The 18-year-old journalist was confronted by an image of two plus-sized women wearing T-shirts tucked into high-waisted denim shorts and chunky sneakers. A lewk. But it wasn’t their casual style that Fisher-Quann took issue with — “these fits are fire and they both look cute” she later wrote on Twitter — it was the way the now-deleted post viciously mocked the women’s outfits and their bodies.
And thousands of commenters were echoing the same thought.
“In the replies to the original tweet, people were going in on these women,” Fisher-Quann told In The Know. “I just kept thinking about the fact that the women in the picture are real people, and one day they were walking on the street wearing jean shorts, and someone decided to take their picture just because they were fat and post it online.”
“Suddenly, there are a hundred thousand people calling them trashy and ugly,” she continued. “How is it that someone could do that and feel good about themselves?”
“A tweet making fun of these women has 100k likes,” she wrote. “But I swear to god if Bella Hadid wore this exact outfit it would be on a million ’80s casual inspo’ Pinterest boards bc, as always, fashion is judged exclusively by the bodies that wear it.”
Fisher-Quann’s message clearly struck a nerve on Twitter, where it has since gone viral with over 581K likes and 100K retweets — and it seems she is undeniably right about the matter. Similar laidback outfits have made literal headlines before when worn by the likes of models Gigi Hadid and Kendall Jenner.
So why were thousands quick to tear apart the exact same look when displayed on two women with bigger bodies? Fischer-Quann says the issue is more deeply rooted in racist fatphobia and classism than most people even realize.
“Skinny, rich people love making fun of fat people who shop at Walmart,” she told In The Know. “I think it goes without saying that oftentimes, whenever we make fun of how fat people dress or when we applaud how skinny people dress, we’re often using their clothing as shorthand for the bodies underneath.”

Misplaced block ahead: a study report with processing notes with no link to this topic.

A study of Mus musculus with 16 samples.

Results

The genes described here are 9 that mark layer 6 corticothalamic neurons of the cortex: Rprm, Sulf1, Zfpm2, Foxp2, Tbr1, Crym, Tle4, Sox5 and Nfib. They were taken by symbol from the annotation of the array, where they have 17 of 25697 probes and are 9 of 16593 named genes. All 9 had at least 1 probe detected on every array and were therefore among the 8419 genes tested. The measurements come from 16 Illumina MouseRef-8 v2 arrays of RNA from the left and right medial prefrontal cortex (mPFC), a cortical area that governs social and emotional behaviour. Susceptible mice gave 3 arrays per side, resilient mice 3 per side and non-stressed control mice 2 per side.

In a recent article for InStyle, Amanda Richards explained that the problematic concept of “playing with class aesthetics” in fashion — i.e. wealthy people stealing “Walmart” or street fashion and turning it into the trend of the moment — isn’t new at all.
“Clothing once associated with poorness — chunky shoes, ‘unflattering’ cuts, T-shirts that look like they were purchased at a boardwalk gift shop, for example — can eventually receive fashion’s stamp of approval, along with a few subtle detail changes that ‘elevate’ the look,” she wrote.
The major problem here is that the (often working-class) communities these looks are co-opted from are almost always kicked to the curb once a “trend” is adopted by brands, making the look inaccessible to the very people who inspired it.
“The reclamation of a previously ridiculed or marginalized aesthetic only works if you put it on an aspirational body; and in fashion, aspiration equals thin,” says Richards. “The same clothing on a fat body shatters the idea that the look could be aspirational, leaving the person wearing the clothing subject to criticism, no matter how trendy the physical clothing she’s wearing might be.”
Sadly, this insidious trend runs deep in the fashion world and lacks a simple fix. But a good place to start is simply calling out those who attempt to exclude people from partaking in current trends based on their size, as Fisher-Quann did in her viral Tweet.
Fisher-Quann also advises taking the time to examine your own inherent biases when it comes to the accessibility of fashion and begin to question why you might think that way.
“Why is it that skinny people can wear whatever they want, and fat people are mocked for wearing the same thing?” she said. “So many of today’s fashion trends are only fashionable when they’re worn by skinny, hot, usually white people — clothing like the stuff that’s sold on FashionNova or Brandy Melville isn’t really inherently stylish, it’s just meant to show off the body underneath.”
If you enjoyed this article, read about Hayley Kiyoko’s journey toward self-acceptance.